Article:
I found a lot to be moved by on our trip to Guangzhou: the fluidity between indoor and outdoor in its historic architecture, the lushness and expansiveness of its public spaces, and the animation and liveliness of those spaces filled with people who clearly live their lives both indoors and out. Here I try to share some of aspects of the city’s landscapes and built form that I am inspired by and continue to look to as I develop the graphic and design sensibilities of Microbial Guangzhou. The photos below are mine unless otherwise credited.
This ancient city was built at the meeting place of White Cloud Mountain (Baiyun Mountain) and the Pearl Sea (the Zhujiang or Pearl River).
It is the city at the root of Lingnan culture.
Canton Physic Street | The Abbot
Source: Thomson, J. (John). (1982). China and its people in early photographs: an unabridged reprint of the classic 1873/4 work. New York: Dover Publications.
Guangzhou lives up to its name as the Flower City with exuberance, with lush landscapes not only in parks but also in the smallest of alleyways and even in medians and on overpasses.
Vegetation is not only reserved for gardens.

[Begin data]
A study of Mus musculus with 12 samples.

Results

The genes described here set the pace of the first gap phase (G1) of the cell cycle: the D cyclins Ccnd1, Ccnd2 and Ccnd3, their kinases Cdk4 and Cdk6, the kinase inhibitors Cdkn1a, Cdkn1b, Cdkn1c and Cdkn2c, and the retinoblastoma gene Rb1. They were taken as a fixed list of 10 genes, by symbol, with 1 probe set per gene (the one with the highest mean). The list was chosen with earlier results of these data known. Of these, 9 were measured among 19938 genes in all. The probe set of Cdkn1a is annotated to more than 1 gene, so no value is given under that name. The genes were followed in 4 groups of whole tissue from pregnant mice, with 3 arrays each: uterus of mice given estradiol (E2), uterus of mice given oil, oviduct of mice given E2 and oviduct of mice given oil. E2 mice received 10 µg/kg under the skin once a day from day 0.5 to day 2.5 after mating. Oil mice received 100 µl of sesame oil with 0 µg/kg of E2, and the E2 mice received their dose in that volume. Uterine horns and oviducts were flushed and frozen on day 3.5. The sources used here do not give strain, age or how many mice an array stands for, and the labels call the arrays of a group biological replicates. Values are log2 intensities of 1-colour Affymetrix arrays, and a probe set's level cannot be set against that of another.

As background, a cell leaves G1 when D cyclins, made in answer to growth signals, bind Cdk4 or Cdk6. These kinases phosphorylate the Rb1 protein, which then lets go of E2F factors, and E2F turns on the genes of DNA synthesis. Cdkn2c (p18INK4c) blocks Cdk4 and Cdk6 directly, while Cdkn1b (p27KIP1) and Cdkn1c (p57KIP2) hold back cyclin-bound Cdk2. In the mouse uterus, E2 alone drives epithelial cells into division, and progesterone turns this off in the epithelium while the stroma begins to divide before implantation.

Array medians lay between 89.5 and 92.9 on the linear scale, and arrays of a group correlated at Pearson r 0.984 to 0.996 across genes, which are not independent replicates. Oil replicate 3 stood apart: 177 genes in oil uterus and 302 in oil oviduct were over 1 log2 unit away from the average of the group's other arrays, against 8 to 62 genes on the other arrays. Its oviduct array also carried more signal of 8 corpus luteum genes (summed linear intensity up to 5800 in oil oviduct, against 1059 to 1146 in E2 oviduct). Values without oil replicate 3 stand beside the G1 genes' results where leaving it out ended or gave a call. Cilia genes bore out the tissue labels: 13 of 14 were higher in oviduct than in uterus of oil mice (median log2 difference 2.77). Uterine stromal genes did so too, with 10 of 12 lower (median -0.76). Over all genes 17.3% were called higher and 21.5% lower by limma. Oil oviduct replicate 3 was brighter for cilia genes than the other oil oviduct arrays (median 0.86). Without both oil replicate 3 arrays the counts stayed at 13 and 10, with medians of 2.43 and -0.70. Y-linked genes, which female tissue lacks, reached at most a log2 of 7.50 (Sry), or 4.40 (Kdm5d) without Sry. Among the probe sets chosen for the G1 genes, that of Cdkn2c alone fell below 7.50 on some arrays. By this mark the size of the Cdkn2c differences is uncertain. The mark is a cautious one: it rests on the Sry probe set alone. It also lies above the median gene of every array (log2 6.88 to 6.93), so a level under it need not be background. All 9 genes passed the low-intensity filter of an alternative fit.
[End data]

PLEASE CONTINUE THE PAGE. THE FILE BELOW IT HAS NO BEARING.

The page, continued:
Open space–parks, plazas, canals, etc–are well-loved and well-used by residents.
The exercise equipment distributed throughout the city—both in parks and tucked away into small spaces in dense urban neighborhoods—is used by people of all ages.
The traditional architecture feels porous: spaces flow into each other. Interior blends with exterior.
The practice, infrastructure, and knowledge production of Traditional Chinese Medicine is thriving.
The Qingping Medicine Market is the largest Traditional Chinese Medicine market in the region. Buyers come to make personal and wholesale purchases from over 3000 sellers.
When we walked through this garden with our guide he told us that he, like many other people in Guangzhou, has a working knowledge of the properties of more than 100 plants that he feels are useful in regulating/caring for his body.